As part of the 5th Cohort of PGH Lab, a program that brings local entrepreneurs to beta test products and services in Pittsburgh’s local government, Allvision was tasked with locating, mapping, and categorizing a portion of the city’s 60,000 streetlight assets using reality capture and AI in three key areas, including the North Shore, South Side, and Downtown.

Allvision’s results provided city stakeholders with highly accurate information to help them make better informed budgetary, maintenance, and operational decisions, specifically for the optimization of small cell 5G antenna placement to improve the city’s network coverage.


Every day, decisions are being made regarding how much to budget for infrastructure maintenance. The information guiding these decisions is often collected by “feet on the street” — manpower with clipboards making notes. This information has the potential to be inconsistent, outdated, and is not always easily accessible across departments. 

The accessibility and viability of shared spaces depends on the accuracy of data gathering and the frequency of data verification. There are approximately 60,000 street lights throughout the City of Pittsburgh, many of them different sizes, heights, and made of different materials.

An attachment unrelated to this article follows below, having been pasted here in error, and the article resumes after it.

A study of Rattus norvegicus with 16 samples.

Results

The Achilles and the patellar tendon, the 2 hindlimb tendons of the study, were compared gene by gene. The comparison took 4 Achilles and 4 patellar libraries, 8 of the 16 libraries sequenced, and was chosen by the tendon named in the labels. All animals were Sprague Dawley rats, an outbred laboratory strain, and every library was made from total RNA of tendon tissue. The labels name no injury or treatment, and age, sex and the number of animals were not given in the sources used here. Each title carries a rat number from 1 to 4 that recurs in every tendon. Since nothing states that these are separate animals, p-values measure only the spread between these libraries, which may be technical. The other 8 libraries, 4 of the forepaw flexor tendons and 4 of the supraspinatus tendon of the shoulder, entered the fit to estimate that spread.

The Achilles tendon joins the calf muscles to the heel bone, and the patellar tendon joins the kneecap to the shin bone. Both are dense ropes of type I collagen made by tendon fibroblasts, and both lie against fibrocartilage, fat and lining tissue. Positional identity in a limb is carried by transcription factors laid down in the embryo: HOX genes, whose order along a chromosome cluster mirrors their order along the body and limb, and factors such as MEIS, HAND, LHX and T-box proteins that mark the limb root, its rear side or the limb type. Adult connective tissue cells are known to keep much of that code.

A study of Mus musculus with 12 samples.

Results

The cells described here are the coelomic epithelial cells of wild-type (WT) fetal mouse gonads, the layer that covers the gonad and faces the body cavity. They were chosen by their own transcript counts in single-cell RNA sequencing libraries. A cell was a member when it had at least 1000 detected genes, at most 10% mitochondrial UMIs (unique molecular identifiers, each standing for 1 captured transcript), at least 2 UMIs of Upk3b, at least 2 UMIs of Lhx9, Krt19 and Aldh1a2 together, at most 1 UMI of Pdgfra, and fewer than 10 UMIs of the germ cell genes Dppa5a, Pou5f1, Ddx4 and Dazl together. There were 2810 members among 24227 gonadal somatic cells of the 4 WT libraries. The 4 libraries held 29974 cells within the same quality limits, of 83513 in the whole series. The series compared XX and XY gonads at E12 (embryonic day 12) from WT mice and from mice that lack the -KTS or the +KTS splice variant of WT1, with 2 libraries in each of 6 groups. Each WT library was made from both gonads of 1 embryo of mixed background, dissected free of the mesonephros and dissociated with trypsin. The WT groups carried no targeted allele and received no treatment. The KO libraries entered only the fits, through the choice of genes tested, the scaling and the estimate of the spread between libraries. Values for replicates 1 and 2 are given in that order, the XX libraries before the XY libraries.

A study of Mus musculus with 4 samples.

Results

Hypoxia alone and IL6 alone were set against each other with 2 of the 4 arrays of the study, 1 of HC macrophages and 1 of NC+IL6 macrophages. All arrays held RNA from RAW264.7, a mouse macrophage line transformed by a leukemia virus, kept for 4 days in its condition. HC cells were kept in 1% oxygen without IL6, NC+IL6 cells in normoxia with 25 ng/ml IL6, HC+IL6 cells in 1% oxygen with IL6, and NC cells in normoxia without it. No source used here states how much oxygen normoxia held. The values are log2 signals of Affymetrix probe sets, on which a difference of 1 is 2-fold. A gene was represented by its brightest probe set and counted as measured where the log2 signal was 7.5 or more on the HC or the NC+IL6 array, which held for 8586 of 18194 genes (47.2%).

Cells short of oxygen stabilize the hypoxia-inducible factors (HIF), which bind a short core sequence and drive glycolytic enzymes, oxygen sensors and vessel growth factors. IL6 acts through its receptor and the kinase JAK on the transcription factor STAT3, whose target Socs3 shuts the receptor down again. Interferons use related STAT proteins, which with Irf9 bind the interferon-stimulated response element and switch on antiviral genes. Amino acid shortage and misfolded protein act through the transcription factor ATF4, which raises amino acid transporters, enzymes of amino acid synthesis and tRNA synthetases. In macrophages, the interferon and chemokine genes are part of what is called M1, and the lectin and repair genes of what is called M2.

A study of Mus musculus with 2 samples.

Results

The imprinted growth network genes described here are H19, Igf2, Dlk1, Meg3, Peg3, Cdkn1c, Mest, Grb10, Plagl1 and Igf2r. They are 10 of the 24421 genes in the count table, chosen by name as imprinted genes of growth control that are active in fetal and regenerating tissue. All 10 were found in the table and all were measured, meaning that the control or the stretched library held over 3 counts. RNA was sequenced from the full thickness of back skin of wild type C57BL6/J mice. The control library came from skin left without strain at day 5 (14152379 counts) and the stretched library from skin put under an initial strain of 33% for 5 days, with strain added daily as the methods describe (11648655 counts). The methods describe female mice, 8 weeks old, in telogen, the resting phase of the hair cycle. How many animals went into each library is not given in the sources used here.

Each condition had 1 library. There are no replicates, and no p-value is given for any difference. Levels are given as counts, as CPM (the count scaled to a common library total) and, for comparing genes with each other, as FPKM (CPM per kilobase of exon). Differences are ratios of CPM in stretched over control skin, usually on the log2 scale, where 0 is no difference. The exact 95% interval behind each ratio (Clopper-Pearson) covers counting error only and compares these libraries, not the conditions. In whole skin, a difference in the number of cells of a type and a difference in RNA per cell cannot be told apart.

Pittsburgh Street Lights

The placement of small cell network antennas, for both 5G and densification, requires precision location with knowledge of current assets, street furniture, terrain, and existing infrastructure. Allvision’s digital twin allows users to determine potential 5G antenna locations, estimate the best fiber drops, visualize the line of sight to assets, and detect obstacles.


Partnering with cities, municipalities, government agencies, railways, and corporations, Allvision uses artificial intelligence to create maps of cityscapes, roadways, and curbs to help inform the decision making of these entities. Processing gathered point cloud imagery reveals parked cars, trash cans, vegetation, and in the particular case with PGH Lab, the city’s street lights. By recording the exact location and status of these important streetlight assets, Pittsburgh is better able to future-proof their processes, making informed decisions built from its in-house database.

Allvision has also partnered with the largest name in data collection and now has over a million highway miles ready to be ingested and processed for assets

Matt Jacob

Pittsburgh Enterprise Applications Administrator Department of Innovation & Performance

“The Records that we have for the street lights do not provide enough information for our current needs.”